Of course, that “agreement”—better known as the One China Policy—is nothing of the sort: Beijing interprets it as meaning the U.S. accepts Taiwan is an indivisible part of China; for Washington, however, it only means “acknowledging” Beijing’s claim over the self-ruling island rather than supporting it.

That festering intransigence is becoming ever more acute on and above the island of 23 million—the only place in the Chinese-speaking world with free and fair democratic elections—which politically split from the mainland in 1949 following China’s civil war. Beijing has sent nearly 150 PLA Air Force sorties into Taiwan’s Air Defense Zone over the past week, and the Wall Street Journal revealed Thursday that around two dozen U.S. special operations troops and Marines have been training Taiwanese forces for over a year, having first been dispatched by the Trump Administration.

While declining to comment on the deployment report, a Pentagon spokesman noted that “our support for and defense relationship with Taiwan remains aligned against the current threat” from China. In response, China’s Foreign Ministry warned that it “will take all necessary steps to protect its sovereignty and territorial integrity.”

U.S. troops have not been based permanently on Taiwan since 1979, when Washington established diplomatic relations with Beijing. However, that same year Congress passed the Taiwan Relations Act, which allows for the sale of weapons to the island for its self-defense.

Nick Bisley, a professor of international relations at Australia’s La Trobe University, says the most telling aspect of the troop deployment revelation is that U.S. officials are now willing to confirm what had been rumored for many months. “What it tells us is we’re not likely to get any significant breakthrough in more managed Sino-American competition,” says Bisley. “It is still going to be pretty fraught.”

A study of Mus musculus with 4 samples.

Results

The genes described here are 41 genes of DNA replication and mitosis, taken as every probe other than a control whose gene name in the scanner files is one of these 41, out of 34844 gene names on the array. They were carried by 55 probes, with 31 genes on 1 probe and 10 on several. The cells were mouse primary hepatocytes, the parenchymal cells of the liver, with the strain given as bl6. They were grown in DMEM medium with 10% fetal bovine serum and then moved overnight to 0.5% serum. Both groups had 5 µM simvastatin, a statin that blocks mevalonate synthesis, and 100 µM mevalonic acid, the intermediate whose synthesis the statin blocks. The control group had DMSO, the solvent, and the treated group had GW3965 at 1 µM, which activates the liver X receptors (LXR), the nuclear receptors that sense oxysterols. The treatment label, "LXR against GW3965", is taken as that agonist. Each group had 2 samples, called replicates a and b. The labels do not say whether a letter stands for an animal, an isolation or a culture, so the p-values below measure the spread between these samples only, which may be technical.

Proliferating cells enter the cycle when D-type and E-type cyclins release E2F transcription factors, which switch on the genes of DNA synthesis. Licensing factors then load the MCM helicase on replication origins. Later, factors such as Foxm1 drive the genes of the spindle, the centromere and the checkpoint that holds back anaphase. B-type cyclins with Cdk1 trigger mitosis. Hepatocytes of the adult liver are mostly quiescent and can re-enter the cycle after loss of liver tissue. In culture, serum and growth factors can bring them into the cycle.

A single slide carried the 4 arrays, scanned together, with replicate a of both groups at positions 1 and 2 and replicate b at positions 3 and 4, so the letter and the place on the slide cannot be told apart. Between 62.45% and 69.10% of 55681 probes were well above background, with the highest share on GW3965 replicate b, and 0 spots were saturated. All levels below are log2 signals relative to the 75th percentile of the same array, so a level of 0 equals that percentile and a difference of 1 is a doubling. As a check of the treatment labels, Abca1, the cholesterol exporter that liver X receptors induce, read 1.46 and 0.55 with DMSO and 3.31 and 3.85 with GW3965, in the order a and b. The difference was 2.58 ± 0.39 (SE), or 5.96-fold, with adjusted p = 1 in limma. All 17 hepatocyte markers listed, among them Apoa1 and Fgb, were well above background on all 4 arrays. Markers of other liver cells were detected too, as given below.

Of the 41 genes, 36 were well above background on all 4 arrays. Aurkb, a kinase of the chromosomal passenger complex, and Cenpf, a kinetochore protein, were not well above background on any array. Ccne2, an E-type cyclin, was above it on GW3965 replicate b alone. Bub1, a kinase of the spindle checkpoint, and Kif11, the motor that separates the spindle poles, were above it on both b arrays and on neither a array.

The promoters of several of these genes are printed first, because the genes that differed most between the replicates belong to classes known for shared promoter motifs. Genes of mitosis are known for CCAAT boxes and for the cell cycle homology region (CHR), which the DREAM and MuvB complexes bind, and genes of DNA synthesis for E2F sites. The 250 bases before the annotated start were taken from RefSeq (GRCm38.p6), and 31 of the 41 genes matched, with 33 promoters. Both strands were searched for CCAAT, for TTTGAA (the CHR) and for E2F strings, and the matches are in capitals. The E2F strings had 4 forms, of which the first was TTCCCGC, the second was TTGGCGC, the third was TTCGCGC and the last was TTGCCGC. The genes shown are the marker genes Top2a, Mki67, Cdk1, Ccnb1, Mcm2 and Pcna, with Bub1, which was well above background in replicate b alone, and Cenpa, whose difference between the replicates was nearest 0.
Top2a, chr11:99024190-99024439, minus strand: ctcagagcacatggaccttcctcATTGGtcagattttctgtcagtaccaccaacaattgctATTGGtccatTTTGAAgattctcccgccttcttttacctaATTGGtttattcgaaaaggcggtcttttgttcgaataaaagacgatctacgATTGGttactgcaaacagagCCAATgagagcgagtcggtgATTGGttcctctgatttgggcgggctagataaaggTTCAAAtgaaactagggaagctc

The revelation of U.S. troops in Taiwan comes amid a busy month of diplomatic maneuvers on Beijing by Washington following the first in-person meeting of the U.S.-India-Japan-Australia Quad security pact, the unveiling of the new “AUKUS” defense alliance with the U.K. and Australia and the release of Huawei CFO Meng Wanzhou—who was awaiting extradition to the U.S. from Canada on fraud charges—in apparent exchange for two Canadians detained in China.

Also Thursday, the CIA announced the creation of a top-level working group on China as part of a sweeping effort to challenge Beijing, echoing previous responses to the threats from al-Qaeda and the Soviet Union. CIA Director William Burns called China the “most important geopolitical threat we face.”

Despite worsening tensions on many fronts, there is growing consensus that Taiwan is the most likely flashpoint between the superpowers. Xi considers unification integral to his “great rejuvenation of the Chinese nation.” On Wednesday, Taiwan’s Defense Minister Chiu Kuo-cheng told the island’s legislature that Beijing will have the ability to mount a full-scale invasion of Taiwan by 2025.

Asked during a recent BBC interview whether the U.S. was prepared to defend Taiwan, U.S. National Security Advisor Jake Sullivan said, “we are going to take action now to try to prevent that day from ever coming to pass.”

Still, analysts have questioned the merits of the training deployments, which “run the risk of further poisoning relations with China and potentially even getting dragged into an avoidable war that could go nuclear,” Benjamin H. Friedman, policy director at Washington D.C.-based thinktank Defense Priorities, wrote in a briefing note.

Rather than keeping U.S. troops in Taiwan, adds Friedman, “the U.S. should push Taiwan to invest more in its self-defense capacity—especially radar and mobile anti-ship and anti-air missiles, which makes an amphibious attack on the island more costly.”

Despite spending just 2.1% OF GDP on defense in recent years, Taiwan last month proposed putting an additional $8.69 billion towards upgraded weapons including missiles over the next five years, citing a “severe threat” from Beijing.

The danger of the ratcheted-up tensions is that a misstep or miscommunication may spiral into conflict. On Thursday, the U.S. Navy revealed that the Seawolf-class submarine U.S.S. Connecticut, one of the most advanced in the fleet, had “struck an object while submerged” in the South China Sea on Oct. 2 but remained in a “safe and stable condition” and was able to return to port in Guam.

“Joe Biden wants extreme competition, but not conflict,” retired PLA Senior Col. Zhou Bo, a senior fellow at the Center for International Security and Strategy Tsinghua University and a China Forum expert, tells TIME. “But my argument is that conflict is just one step away from extreme competition.”